Waste management has been a major issue in the society today. It is almost obvious that the world that we live in today is characterized by massive forms of waste that have jeopardized on the quality of life in the society. The homes have been one of the places that have been greatly affected by the menace of waste. In this regard, therefore, it is fundamental to come up with strategies that will educate the public on the ways of reducing waste in the homes.
We can do it today.
First, one of the major ways of reducing waste in the home is through reducing the wastes from packaging. According to Terry, packaging is one of the major sources of solid waste in the homes (chapter 4). This explains that the more purchases are made from packaged items, the more chances of having more waste in the homes. It is also recommended that people reduce the amount of purchases on packaged items so as to minimize the waste that comes from it. In addition, it is recommended that the waste that comes from the packaged items be recycled by the users. A good example is that if the plastic bags that can be recycled for a variety of purposes like carrying items or even shopping instead of purchasing more (Terry chapter 5). Yet another of the packaged products includes reusable spoons, tins and forks that used in fast food restaurants. In the event that these items are recycled, there are higher chances that waste will be reduced in the homes, as there will be m minimal entry and maximum exit of waste in the home.
Secondly, another way of reducing waste in the home is through developing an art of donation as opposed to throwing stuff in the garbage. Many unwanted items in the house normally go to the pit. Among the items include old furniture, clothes, tools and even used appliances. Johnson explains how a majority of the households end up throwing these items (46-50). Some keep them in the store rooms; hence, increasing the amount of garbage in the home. As an alternative, Johnson writes that it would be beneficial if the homeowners would develop an art of donating these items to people, homes or organizations that need them as opposed to disposing them (51, 67). This is not only cheaper but also a friendly way of managing waste in the homes.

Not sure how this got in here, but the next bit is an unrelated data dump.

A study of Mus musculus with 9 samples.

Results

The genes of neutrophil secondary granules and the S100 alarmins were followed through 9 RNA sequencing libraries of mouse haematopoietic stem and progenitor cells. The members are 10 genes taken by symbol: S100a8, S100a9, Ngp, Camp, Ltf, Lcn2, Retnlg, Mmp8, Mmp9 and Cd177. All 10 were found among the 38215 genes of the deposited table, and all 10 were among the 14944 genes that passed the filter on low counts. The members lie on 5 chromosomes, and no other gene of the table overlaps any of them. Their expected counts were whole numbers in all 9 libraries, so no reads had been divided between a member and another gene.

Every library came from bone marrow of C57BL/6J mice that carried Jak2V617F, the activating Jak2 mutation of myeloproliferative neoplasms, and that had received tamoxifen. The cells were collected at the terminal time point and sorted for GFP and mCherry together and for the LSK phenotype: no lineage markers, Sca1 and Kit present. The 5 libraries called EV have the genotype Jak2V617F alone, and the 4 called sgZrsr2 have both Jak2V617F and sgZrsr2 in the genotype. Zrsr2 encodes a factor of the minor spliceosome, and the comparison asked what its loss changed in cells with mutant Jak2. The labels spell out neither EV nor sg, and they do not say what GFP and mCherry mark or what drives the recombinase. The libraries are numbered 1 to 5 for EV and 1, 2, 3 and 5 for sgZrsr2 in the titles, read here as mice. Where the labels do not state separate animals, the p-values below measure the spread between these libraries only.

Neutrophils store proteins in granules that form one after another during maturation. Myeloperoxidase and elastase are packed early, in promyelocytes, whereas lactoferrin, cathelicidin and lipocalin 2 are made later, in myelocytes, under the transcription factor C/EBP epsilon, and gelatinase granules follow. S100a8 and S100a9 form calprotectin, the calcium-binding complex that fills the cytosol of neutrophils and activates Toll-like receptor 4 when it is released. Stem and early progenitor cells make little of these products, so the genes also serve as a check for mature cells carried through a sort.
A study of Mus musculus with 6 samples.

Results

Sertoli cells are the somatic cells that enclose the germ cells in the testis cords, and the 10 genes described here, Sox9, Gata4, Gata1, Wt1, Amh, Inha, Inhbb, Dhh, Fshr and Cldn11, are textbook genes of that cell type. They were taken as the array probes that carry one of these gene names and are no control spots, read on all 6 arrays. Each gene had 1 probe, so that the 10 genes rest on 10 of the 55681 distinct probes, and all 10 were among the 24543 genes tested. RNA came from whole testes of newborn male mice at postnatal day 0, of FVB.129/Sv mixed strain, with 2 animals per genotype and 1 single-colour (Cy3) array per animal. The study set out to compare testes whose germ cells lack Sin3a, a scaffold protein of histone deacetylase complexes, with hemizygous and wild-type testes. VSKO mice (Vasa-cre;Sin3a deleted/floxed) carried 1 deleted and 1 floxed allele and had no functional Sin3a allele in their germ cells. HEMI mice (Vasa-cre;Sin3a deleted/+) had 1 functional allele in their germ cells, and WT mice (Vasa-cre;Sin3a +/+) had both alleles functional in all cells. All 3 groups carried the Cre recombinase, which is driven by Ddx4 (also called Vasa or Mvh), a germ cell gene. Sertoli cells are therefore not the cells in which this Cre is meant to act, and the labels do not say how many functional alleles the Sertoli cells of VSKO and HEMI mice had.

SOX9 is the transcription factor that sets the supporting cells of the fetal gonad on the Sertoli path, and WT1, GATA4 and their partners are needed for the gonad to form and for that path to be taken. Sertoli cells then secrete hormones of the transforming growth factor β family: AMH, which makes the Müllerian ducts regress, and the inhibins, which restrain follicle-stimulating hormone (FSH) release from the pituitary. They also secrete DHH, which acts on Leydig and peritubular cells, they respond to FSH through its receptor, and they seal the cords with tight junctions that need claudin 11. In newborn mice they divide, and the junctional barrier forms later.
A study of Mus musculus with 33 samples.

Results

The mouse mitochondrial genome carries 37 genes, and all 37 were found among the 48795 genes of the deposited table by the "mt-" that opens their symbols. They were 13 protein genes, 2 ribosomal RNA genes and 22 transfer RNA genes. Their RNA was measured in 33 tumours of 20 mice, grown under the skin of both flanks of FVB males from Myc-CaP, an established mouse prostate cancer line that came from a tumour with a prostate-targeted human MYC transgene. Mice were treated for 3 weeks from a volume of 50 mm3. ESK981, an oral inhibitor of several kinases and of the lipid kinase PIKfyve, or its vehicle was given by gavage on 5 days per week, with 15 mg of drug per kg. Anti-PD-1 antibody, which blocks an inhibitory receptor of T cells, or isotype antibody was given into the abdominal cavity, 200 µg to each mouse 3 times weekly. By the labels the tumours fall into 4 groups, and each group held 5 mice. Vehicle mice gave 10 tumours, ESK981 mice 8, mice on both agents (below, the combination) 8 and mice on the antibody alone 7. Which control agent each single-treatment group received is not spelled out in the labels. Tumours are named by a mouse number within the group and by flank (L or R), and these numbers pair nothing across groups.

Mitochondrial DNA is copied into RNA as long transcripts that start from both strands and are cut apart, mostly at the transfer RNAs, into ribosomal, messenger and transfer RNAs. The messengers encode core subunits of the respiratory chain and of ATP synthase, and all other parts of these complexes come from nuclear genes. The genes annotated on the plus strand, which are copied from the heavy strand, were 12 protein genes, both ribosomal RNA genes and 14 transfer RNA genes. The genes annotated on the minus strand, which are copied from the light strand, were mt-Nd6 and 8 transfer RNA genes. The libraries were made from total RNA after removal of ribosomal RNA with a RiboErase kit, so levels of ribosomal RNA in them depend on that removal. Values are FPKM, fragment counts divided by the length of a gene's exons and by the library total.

Thirdly, waste in the home can be reduced through replacing the reusable items for the ones that can be consumed in the homes. Johnson explains that a good number of people have a lot of waste in the homes that could alternatively be consumed daily as opposed to buying new ones to replace them (22-35) Notable examples include old towels, sponges and rags that sit in the homes. These items can be used in the homes everyday especially if one needs to buy serviettes and towels. Such items also come in handy when the disposable become too expensive and they also become unavailable. The home user will then save lots of money that would have otherwise been used for purchases and other expenditure for replacement (Johnson 22-36). The same case would apply for the cloth napkins that normally sit idle in many homes and contribute to the amount of waste in the home. They could be used as washable towels instead of disposable paper napkins.
Waste can also be managed in the home through recycling and using products that have been used in the homes for a long time. Terry explains that reuse of products in the homes is a useful way of managing waste in the homes (chapter 11). Among the products that can be reused include old computers that can be used to keep home directories as opposed to buying new ones. Old electronics can also be sold for reuse instead of keeping them in the homes, and all other old stuff can also be reused by needy people like charity homes over keeping them in home stores (Johnson 163-172).
Conclusively, waste in the homes can be easily managed if the aforementioned steps can be followed. First, reduction of packaged products has been indicated to be a fundamental step towards handling waste. It was also noted that donation acts as a good way of reducing waste, replacing the old items for consumable ones and finally recycling waste products in the home. With these measures in place, there are higher chances of having homes with minimal waste and friendlier environment that support the thriving of happy families.
- Johnson, Bea. Zero Waste Home: The Ultimate Guide to Simplifying Your Life by Reducing Your Waste. NY: Simon and Schuster, 2013. Print.
- Terry, Beth. Plastic-Free: How I Kicked the Plastic Habit and How You Can Too. NY: Skyhorse Publishing, Inc., 2015. Print.